Saturday, April 24, 2010

Mixing Exercise 8

Exercise 8 - Bright greens with green-yellow and green-blue. Winsor Lemon and Cerulean Blue.

Interesting how these greens are so bright. As these exercises go on I'm gaining a bit of comfort with where pigments are positioned in the color spectrum. Exercise 9 call for replacing the Cerulean Blue with Phthalocyanine Blue with the expectation of even brighter greens. Well, out of all my tubes of paint, I don't have this pigment so I'll simply pass on this exercise. Next up, Exercise 10 will be grayed oranges.


  1. If you can, do get yourself a tube of (P)Thalo blue and do not pass on doing a mixing chart with it- it is an extremely versatile color. Yes it is bright-overly bright (and staining) on its own- but oh! the beautiful jewel like colors it is capable of! A little goes a long way- it doesn't take much to influence a mixture and truthfully, you probably don't 'need' it in your palette, but it really is worth your time to see what it can do! Sometimes it is just what you need when mixed with the more opaque/sedimentary earth colors to produce some stunning natural greens and green/greys.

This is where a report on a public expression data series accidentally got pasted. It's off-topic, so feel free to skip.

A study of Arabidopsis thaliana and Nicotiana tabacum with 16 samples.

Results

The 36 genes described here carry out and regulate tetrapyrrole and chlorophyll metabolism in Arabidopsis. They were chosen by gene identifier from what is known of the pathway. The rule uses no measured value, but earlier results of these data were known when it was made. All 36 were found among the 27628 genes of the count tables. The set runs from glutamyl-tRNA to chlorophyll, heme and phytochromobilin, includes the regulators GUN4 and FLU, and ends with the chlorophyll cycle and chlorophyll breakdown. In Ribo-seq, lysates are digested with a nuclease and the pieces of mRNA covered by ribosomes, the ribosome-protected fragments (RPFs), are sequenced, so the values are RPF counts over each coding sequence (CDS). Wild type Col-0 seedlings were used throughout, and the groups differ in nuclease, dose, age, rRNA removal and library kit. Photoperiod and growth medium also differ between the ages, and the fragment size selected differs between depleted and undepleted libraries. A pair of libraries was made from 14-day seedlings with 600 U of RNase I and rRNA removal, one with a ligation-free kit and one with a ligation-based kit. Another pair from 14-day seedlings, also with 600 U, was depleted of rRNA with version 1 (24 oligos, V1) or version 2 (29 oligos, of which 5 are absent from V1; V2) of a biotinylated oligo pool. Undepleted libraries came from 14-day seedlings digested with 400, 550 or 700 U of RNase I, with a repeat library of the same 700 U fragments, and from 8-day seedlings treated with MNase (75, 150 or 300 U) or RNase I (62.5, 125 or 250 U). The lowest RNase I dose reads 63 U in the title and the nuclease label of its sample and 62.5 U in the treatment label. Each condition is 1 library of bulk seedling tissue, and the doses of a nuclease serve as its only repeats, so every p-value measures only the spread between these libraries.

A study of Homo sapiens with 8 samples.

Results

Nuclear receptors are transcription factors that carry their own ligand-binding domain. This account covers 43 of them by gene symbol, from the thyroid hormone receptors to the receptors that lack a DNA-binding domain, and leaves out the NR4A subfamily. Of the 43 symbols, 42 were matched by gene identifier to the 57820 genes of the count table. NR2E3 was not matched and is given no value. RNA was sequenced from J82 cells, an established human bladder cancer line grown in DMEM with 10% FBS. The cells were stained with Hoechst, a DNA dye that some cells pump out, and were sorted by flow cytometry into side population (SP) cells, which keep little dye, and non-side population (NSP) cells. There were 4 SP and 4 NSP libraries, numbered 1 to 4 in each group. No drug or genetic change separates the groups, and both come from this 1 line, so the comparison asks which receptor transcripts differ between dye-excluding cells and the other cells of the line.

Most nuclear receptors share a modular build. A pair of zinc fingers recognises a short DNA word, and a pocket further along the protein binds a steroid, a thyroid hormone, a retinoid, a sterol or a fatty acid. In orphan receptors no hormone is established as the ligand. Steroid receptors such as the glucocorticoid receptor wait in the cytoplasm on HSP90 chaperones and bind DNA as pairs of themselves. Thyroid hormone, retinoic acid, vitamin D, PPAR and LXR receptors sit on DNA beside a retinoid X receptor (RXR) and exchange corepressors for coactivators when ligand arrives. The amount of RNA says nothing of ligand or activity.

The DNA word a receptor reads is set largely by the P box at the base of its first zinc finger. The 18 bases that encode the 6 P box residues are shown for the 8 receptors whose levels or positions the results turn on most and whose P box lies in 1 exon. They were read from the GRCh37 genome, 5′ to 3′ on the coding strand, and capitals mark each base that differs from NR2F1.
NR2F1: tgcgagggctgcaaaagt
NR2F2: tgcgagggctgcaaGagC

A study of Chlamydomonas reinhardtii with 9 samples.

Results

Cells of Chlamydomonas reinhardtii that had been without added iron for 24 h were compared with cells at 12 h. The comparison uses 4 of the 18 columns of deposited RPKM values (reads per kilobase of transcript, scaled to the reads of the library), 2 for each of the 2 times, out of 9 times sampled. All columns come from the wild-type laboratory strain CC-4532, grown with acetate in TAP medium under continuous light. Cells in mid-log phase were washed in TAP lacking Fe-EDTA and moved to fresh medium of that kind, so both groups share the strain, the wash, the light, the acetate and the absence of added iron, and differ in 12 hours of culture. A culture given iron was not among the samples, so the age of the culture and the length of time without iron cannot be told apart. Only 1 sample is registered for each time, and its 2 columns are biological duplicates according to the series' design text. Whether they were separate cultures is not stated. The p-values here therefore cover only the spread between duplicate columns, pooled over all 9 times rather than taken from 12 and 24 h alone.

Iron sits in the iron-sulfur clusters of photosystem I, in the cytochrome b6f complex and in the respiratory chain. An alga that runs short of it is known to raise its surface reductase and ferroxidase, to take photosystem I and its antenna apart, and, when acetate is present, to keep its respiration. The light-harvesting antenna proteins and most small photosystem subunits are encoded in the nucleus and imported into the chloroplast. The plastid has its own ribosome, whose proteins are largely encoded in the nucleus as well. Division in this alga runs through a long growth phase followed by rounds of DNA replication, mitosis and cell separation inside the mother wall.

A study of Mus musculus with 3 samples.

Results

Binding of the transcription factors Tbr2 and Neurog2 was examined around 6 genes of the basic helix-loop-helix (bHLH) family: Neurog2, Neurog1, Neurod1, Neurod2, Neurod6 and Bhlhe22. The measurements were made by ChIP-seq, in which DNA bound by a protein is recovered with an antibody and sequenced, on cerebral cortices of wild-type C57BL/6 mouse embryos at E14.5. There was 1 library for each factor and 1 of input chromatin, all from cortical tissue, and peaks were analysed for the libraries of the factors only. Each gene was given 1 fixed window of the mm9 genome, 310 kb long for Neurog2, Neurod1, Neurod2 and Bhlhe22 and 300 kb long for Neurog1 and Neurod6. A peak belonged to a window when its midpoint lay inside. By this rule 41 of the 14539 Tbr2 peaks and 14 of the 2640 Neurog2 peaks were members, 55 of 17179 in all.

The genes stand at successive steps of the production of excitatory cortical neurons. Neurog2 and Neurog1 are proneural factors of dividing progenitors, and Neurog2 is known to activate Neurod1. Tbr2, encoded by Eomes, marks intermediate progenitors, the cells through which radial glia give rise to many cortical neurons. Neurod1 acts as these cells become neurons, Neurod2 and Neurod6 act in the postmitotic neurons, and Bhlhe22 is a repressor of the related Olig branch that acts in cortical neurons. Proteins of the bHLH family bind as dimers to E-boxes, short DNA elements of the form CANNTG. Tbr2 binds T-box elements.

~ gretchen

  2. Gretchen, thanks for opening me to something I might have too easily passed by. I was readying a paper order(it's going fast with these exercises!) and added a tube of Winsor Blue GS. I'll probably have that exercise posted sometime next weekend.

    Looking ahead, there are some interesting mixes coming once I wrap up the two pigment exercises--three pigment as well as earth.

  3. Totally agree with Gretchen, pthalocyanine is a great mixer in small doses -- as well as brilliant greens it produces beautiful luminous greys.

    Isn't the new set of greens lovely? Very spring-in-Geneva -- the river is a mix of those pale turquoises and there are dandelions everywhere.

    I'm blown away by how different all the greens are turning out, even on screen after scanning. It emphasises how useful a limited palette can be in pulling a piece together. Also interesting to see how the 'strength' of different pigments exhibits itself -- the point where the blue or the yellow starts going green along the top row gives a clue. (The phthalo will stomp all over even the cadmium, I bet.)

    I hope some of the botanical illustrators from your course get a chance to see these charts. What a superb guide to mixing for different stem and leaf colours.

  4. It's always the greatest thrill when I first mix the pigments. Just the very slightest addition makes a distinct difference. I guess I expect it when I add a bit of blue to yellow but it's just amazing how a little dab of yellow pushes the blue oh so delicately towards green.

    If I can stay on track, I could finish the book of exercises before my watercolor course begins in early June.

    Katharine, you given me a good idea. I will create a link to my mixing exercises, post it to my page layout, and add it to very first post prospective students see when they come by way of Cornell's site. Then I'll get started on the oranges.